King's Pocket-book of Providence, RI


The interesting and most important public features of the City of Providence, Rhode Island, in 1882

KING'S POCKET-BOOK OF PROVIDENCE - K

Copyright, 1882, by Moses King.

KINDERGARTEN, A FREE, was opened in May, 1881, at the old Fountain-st. Grammar School, nr. Aborn St. Starting with two pupils, the number has increased to forty, who receive thorough instruction from two competent teachers - one giving her services - under the supervision of Mrs. C. M. N. Alden, whose private kindergarten on Angell St. has long been known and appreciated. The charity is supported by subscription.

KING FERDINAND II, of the Two Sicilies, a bust of, stands at the Broad St. entrance of Roger Williams Park. This piece of scuplture, executed in Europe, is of white marble, resting on a granite pedestal, and was presented to the city in 1882.

KNIGHTS AND LADIES OF HONOR is an organization similar to the Knights of Honor, with which it was connected until Jan. 1, 1882. The first Lodge in Rhode Island was started in Providence, Jan. 4, 1877. It admits to membership ladies and gentlemen. It provides for two grades of cooperative life insurance, one being for $1,000 and other for $2,000.

KNIGHTS OF HONOR began in Providence, Nov. 5, 1874, by the organizing of the 'Providence Lodge', No. 182, with 17 charter members. Its membership now is about 200. It meets in Prescott Post Hall. There are now two other lodges: the 'Excelsior', org. April 30, 1877, which meets in Reform Club Hall, 41 Westminster St.; and the 'Golden Rule', org. July 23, 1877, which meets in the Prescott Post Hall. The Knights of Honor is a secret organization which provides weekly benefits to its sick members, and an insurance of $2,000 to the family of a deceased member. It is a national organization, having at time of last report 138,000 members in the United States.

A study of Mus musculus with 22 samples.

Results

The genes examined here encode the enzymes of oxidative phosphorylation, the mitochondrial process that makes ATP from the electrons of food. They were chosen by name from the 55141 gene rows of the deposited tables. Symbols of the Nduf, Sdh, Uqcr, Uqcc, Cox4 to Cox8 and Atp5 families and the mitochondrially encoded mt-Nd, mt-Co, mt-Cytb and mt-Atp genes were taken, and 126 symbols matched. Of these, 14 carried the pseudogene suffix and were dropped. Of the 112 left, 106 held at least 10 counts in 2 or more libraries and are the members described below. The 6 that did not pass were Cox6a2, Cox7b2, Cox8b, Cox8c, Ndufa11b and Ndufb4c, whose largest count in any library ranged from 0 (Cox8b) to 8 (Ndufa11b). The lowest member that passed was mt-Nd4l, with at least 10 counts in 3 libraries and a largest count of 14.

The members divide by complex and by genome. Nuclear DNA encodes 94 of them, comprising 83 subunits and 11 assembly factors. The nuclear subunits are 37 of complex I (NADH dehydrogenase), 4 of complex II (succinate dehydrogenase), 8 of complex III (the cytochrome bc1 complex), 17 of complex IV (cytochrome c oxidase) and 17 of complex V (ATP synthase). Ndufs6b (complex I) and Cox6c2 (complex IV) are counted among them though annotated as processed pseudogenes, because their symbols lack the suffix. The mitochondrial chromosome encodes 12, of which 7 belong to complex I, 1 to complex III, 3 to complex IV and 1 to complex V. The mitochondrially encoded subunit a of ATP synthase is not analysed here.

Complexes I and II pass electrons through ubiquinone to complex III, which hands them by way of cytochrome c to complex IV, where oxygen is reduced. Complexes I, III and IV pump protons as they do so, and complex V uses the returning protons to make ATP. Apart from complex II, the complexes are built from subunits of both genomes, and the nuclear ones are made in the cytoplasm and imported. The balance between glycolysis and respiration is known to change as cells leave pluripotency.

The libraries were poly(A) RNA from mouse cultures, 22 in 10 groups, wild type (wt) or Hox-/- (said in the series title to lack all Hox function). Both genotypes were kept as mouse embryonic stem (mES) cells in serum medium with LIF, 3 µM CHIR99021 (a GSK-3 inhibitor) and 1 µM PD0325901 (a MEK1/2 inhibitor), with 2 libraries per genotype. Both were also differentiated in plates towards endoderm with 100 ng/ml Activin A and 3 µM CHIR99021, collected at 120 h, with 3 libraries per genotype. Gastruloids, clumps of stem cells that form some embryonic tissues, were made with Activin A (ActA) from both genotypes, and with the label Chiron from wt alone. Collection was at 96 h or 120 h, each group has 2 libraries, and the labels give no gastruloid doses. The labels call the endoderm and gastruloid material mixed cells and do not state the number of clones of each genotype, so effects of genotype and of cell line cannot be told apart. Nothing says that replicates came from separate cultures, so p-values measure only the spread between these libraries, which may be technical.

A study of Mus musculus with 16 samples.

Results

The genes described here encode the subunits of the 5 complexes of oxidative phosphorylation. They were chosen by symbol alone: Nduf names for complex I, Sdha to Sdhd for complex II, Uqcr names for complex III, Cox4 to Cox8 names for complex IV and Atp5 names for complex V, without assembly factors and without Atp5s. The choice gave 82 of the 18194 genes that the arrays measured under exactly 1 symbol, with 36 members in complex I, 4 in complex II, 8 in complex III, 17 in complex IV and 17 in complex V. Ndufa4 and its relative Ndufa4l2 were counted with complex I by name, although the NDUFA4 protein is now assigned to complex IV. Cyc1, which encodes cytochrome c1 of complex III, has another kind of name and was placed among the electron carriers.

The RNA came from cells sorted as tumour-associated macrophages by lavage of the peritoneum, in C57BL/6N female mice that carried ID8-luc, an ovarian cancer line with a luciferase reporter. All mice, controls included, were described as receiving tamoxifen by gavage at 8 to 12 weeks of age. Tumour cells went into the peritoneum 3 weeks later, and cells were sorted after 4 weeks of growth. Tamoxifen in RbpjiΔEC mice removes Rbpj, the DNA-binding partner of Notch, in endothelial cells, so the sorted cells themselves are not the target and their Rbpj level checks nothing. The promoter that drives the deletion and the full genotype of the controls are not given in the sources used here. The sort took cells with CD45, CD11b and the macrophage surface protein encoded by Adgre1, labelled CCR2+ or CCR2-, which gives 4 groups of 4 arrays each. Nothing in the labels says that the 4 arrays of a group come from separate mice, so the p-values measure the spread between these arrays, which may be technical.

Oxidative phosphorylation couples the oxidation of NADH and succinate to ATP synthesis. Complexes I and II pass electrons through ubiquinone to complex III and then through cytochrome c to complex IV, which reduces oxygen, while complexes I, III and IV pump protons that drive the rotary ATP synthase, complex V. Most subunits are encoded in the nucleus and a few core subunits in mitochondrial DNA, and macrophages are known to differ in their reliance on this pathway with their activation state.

KNIGHTS OF PYTHIAS. -- There are six lodges of this society in the city, numbering some 400 members. It is a secret, benevolent order, paying from $3.00 to $5.00 a week to its sick and disabled members. Connected with it are two beneficial associations, participation in the advantages of which is optional: the first, K. of P. Sick Benefit, secures an additional allowance of $7.00 a week; the second, an Endowment Rank, offers an insurance upon the life of its members varying from $1,000 to $4,000. G. K. of R. and S., Wm. A. Wilson.

KNITTING-SILK is probably used in every well-regulated family in Providence; and it may be intersting to know that Geo. D. Atkins of Boston, the New England agent of the Nonotuck Silk Co., will mail prepaid to any address, without charge, a neat and useful pamphlet, entitled 'How to use Florence Knitting Silk'. The pamphlet gives many illustrations and tested instructions on the best manner of using knitting-silks.